Welcome to Cogent. Mary Lumley.
We are delighted to welcome Mary Lumley as the newest member of our team here at Cogent. Joining the Propagation Hub, Mary lets us in on her experiences before Cogent and life outside of work.
You’ve been interning at Cogent for the last 3 months before being offered a full-time job (Woop!). What have you enjoyed the most over your first few months?
I’ve been interning in the Relationships Hive and will now be joining Propagation as a Planning Executive. I’ve loved getting to know some weird, wacky and wonderful people; everyone brings something unique to the team. Aside from homing in on my table tennis skills, my favourite part has been the opportunity to learn from some fantastic female role models. As someone just starting their career, it’s very inspiring to see strong and straight-talking women in leadership here at Cogent.
I’m now looking forward to working with Emma Winter and gaining a wider overview of the company and learning about lots of different markets.
What’s your life motto?
Whenever I feel under pressure my Dad always asks, ‘how do you eat an elephant?’ The answer of ‘one bite at a time’ somehow provides comfort during times of extreme hair loss.
I also like: ‘Decide what you want, decide what you are willing to exchange for it. Establish your priorities and go to work.’ It puts matters into perspective and makes sacrifices seem insignificant in the long run.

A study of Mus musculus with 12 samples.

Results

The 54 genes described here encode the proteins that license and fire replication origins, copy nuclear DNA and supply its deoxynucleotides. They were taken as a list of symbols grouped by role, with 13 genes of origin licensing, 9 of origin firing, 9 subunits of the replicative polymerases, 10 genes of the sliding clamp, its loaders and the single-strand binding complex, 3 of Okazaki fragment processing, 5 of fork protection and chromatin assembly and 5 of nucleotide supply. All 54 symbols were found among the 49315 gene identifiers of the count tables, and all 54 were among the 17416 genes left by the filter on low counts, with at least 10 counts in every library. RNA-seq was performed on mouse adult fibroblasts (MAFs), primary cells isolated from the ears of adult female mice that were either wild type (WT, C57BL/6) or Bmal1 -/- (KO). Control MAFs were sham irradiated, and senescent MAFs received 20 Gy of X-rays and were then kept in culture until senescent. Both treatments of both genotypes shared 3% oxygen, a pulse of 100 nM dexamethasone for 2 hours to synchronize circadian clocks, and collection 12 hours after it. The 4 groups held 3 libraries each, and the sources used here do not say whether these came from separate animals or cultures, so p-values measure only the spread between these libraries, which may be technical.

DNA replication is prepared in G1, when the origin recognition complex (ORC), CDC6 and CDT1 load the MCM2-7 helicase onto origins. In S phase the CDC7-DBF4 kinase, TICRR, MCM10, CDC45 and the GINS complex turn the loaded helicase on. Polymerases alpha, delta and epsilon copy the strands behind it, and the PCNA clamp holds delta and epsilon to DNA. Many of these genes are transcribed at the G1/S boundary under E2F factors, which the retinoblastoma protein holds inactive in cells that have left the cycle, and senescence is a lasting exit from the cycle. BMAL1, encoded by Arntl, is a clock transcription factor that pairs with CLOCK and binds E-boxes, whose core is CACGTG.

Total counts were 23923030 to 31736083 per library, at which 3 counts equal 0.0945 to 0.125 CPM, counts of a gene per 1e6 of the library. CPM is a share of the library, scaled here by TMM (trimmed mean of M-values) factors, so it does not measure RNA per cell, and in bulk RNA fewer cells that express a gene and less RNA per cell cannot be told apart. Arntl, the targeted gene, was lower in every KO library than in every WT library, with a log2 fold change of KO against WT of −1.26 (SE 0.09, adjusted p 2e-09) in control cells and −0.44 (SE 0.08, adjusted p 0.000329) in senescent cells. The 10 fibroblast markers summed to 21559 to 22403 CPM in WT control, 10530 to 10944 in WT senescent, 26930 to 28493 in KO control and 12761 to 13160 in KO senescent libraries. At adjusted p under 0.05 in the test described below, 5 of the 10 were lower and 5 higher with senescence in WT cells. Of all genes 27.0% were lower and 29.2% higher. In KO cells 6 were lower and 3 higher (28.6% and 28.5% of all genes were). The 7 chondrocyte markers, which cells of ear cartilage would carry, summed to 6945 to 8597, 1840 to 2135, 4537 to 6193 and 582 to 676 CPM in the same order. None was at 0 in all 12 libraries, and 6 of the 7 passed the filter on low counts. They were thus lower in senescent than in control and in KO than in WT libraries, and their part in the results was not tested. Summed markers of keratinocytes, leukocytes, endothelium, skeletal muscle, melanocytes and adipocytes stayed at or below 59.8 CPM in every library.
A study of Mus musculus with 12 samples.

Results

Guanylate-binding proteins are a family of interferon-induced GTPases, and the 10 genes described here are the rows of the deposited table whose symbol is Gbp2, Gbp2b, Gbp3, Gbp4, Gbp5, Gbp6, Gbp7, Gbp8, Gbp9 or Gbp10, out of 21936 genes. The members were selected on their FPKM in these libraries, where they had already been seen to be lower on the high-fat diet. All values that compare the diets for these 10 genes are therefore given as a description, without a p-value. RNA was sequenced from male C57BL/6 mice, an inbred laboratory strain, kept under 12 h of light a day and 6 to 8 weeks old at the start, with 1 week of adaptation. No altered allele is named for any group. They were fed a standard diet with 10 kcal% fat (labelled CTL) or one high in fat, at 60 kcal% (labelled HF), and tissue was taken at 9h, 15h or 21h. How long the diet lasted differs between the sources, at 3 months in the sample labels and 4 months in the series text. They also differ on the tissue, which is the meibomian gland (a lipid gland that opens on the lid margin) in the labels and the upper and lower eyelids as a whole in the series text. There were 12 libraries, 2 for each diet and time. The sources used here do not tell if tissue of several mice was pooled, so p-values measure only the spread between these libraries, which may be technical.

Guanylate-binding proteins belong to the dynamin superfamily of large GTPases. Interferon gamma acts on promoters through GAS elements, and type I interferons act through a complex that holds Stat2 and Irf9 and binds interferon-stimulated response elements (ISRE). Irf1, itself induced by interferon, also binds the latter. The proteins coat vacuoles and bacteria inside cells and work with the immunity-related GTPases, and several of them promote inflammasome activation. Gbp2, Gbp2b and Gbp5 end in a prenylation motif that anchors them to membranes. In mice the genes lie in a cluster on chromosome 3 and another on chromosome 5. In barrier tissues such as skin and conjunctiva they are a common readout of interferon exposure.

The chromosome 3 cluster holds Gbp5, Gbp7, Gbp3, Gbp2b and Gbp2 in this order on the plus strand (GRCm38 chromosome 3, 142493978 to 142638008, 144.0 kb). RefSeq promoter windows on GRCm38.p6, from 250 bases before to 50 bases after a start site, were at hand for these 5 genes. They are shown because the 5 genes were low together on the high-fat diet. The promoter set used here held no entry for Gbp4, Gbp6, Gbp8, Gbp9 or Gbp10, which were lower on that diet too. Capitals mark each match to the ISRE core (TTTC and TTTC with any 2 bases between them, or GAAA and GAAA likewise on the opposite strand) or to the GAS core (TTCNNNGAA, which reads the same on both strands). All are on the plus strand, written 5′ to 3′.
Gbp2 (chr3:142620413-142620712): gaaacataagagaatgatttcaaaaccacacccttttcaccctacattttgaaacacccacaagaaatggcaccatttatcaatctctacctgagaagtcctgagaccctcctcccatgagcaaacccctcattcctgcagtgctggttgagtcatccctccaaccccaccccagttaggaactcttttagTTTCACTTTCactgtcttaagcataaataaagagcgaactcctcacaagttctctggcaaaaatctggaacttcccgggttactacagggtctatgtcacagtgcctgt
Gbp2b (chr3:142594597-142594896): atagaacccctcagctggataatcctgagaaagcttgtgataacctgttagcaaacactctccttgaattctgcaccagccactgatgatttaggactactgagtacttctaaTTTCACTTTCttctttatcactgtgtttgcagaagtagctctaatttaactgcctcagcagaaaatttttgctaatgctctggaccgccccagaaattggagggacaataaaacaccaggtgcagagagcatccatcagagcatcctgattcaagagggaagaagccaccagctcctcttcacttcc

Tell us an interesting fact about yourself.
I train Muay Thai and hope to be fighting in the new year following jaw surgery in 2017. It’s a combat sport known as the ‘art of 8 limbs’ because fighters can use elbows and knees as well as boxing and kicking (think the standing up part in UFC). In my third year of uni, I went to Thailand and trained for 3 weeks; it was simultaneously the best and worst experience I’ve had to date. I can’t wait to go back though!
What were you doing before Cogent?
Before Cogent, I was studying masters at the University of Leeds. It was in Public Relations & Society and I particularly enjoyed the sociological and historical side; learning about the use of Sigmund Freud’s psychology to kickstart the economy after WW2 was extremely interesting. Studying Insurgency and Terrorism in the school of Politics was also a great opportunity.
Can you tell us about an example of togetherness that you find particularly inspiring?
For me, togetherness is all about community. Whether it’s a colleague lending you 50p so you can buy a Diet Coke (thanks James), or a stranger smiling when you walk past each other. Togetherness means working with one another even if it means making sacrifices yourself.
Interested in joining the hive? View our latest vacancies here.